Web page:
Research has shown that cannabis has some benefits, but users often have to swim through the murky waters of websites, dispensaries and social media to find the most accurate and consistent information.

A University of Colorado Boulder psychology professor is hoping to change that with a series of courses available online.

Kent Hutchison, who also founded the Center for Research and Education Addressing Cannabis and Health at CU Boulder, said the idea came to him after seeing his mother and others struggle to find consistent information about cannabis.

Hutchison’s mother had chronic pain for decades and came to Colorado in 2014 to see if cannabis would help. She went from dispensary to dispensary, receiving different and often conflicting advice on using cannabis.

“People shouldn’t be flying blind when it comes to using cannabis,” he said. “… There’s got to be a better way of not having people having to figure it out.”

And so Hutchison went about creating “Medical Cannabis: The Health Effects of THC and CBD Specialization” through CU Boulder’s partnership with Coursera, an online learning platform.

Anyone can take the course, and those who want to earn a certificate of completion will have to subscribe to the course for $49 per month until they finish it. It’s designed for those who are curious, those who may want to use cannabis for various issues, medical providers and budtenders.

The course also asks participants to talk to people — either budtenders or friends and family — to see what they know about cannabis and start a dialogue on the subject.

“There’s nothing quite like this course out there,” said Christopher Haynes, associate director for learning experience design at CU Boulder. By using Coursera, Hutchison will be able to reach audiences far outside the university who are interested in the topic, even if they don’t need the completion certificate, Haynes said.

Hutchison teaches a similar course aimed at undergraduates at CU Boulder, which has been well-received so far, he said. Student feedback helped him design the online course.

Hutchison’s background is in substance abuse research, and he primarily studied nicotine and alcohol abuse until the legalization of medical marijuana, he said. He and other researchers tried to study the drug early on, but it was difficult.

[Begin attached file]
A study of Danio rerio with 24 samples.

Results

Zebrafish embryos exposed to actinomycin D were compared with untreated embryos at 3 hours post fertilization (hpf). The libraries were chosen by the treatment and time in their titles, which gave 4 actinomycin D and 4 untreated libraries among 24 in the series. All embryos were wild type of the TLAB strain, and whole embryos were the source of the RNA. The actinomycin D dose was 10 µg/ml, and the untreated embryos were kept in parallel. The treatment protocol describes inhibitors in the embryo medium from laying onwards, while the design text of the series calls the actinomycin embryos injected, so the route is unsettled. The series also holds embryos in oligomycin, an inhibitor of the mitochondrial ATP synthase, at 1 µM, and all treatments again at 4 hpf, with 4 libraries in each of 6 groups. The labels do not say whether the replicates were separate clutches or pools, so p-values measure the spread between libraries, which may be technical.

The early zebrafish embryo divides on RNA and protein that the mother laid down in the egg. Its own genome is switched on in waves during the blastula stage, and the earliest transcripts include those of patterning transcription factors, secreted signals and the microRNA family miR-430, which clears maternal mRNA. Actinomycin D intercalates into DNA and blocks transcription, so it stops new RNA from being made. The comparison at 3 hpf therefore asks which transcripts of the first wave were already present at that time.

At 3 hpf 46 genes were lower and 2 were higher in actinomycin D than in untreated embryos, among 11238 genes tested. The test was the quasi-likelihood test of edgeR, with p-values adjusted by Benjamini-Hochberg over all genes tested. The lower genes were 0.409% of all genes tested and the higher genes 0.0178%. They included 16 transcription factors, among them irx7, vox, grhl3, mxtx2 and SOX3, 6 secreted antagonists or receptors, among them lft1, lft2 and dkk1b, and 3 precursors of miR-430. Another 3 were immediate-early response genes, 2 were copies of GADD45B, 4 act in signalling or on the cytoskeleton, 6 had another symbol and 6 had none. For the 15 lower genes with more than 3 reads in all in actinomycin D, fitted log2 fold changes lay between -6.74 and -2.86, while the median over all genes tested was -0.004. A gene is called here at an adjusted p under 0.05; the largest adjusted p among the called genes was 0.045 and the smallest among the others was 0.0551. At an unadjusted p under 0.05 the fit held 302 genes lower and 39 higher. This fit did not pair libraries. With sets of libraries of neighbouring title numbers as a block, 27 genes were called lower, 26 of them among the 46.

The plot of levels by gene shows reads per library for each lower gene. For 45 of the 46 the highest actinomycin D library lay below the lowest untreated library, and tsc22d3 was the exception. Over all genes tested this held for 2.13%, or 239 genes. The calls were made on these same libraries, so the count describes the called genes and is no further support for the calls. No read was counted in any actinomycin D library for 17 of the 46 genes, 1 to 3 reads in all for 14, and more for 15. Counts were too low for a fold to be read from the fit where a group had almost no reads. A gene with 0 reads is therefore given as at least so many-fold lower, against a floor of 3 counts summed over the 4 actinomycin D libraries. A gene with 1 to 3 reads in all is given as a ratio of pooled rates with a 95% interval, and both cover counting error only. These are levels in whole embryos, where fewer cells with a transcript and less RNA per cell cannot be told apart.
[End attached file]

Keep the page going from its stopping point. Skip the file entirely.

In 2013, they dove back in again to look at the effects of cannabis, which are understudied and sometimes misunderstood.

“It’s a situation where you have a legal landscape and social acceptance that’s far outpaced the research,” Hutchison said.

The four courses include the history of cannabis and guidelines to reduce risk, uses for chronic pain, opioid use disorder, sleep and cancer, uses with mental health and brain disorders, and the future of cannabis research.

The core research used in the courses comes from a 2017 National Academies of Sciences, Engineering, and Medicine report that reviewed cannabis research published since 1999. Hutchison was on the panel that wrote the report, he said.

“It’s all about the evidence,” he said. “I try to be very clear what the evidence is.”

The difficulty comes with the lack of conclusive evidence of the benefits of cannabis, Hutchison said, as more studies are needed.

To back up the initial studies, he interviewed about 15 scientists who are researching different aspects of the issue. That way, the learner can be sure “it’s not just me” who came to these conclusions on cannabis, he said. The interviews are included as videos in the courses.

While interviewing one of the researchers, Hutchison heard about a patient with Parkinson’s disease who tried cannabis but used too much and had a bad experience.

There’s no reason people should be having these bad experiences, he said, which is why he thinks the course is important. Even just the basic information, like start low and go slow, can help people who are new to cannabis.

“The idea is to have some consistent information,” he said. “Ideally what we want is budtenders and providers and family members all getting the same information that’s evidence-based.”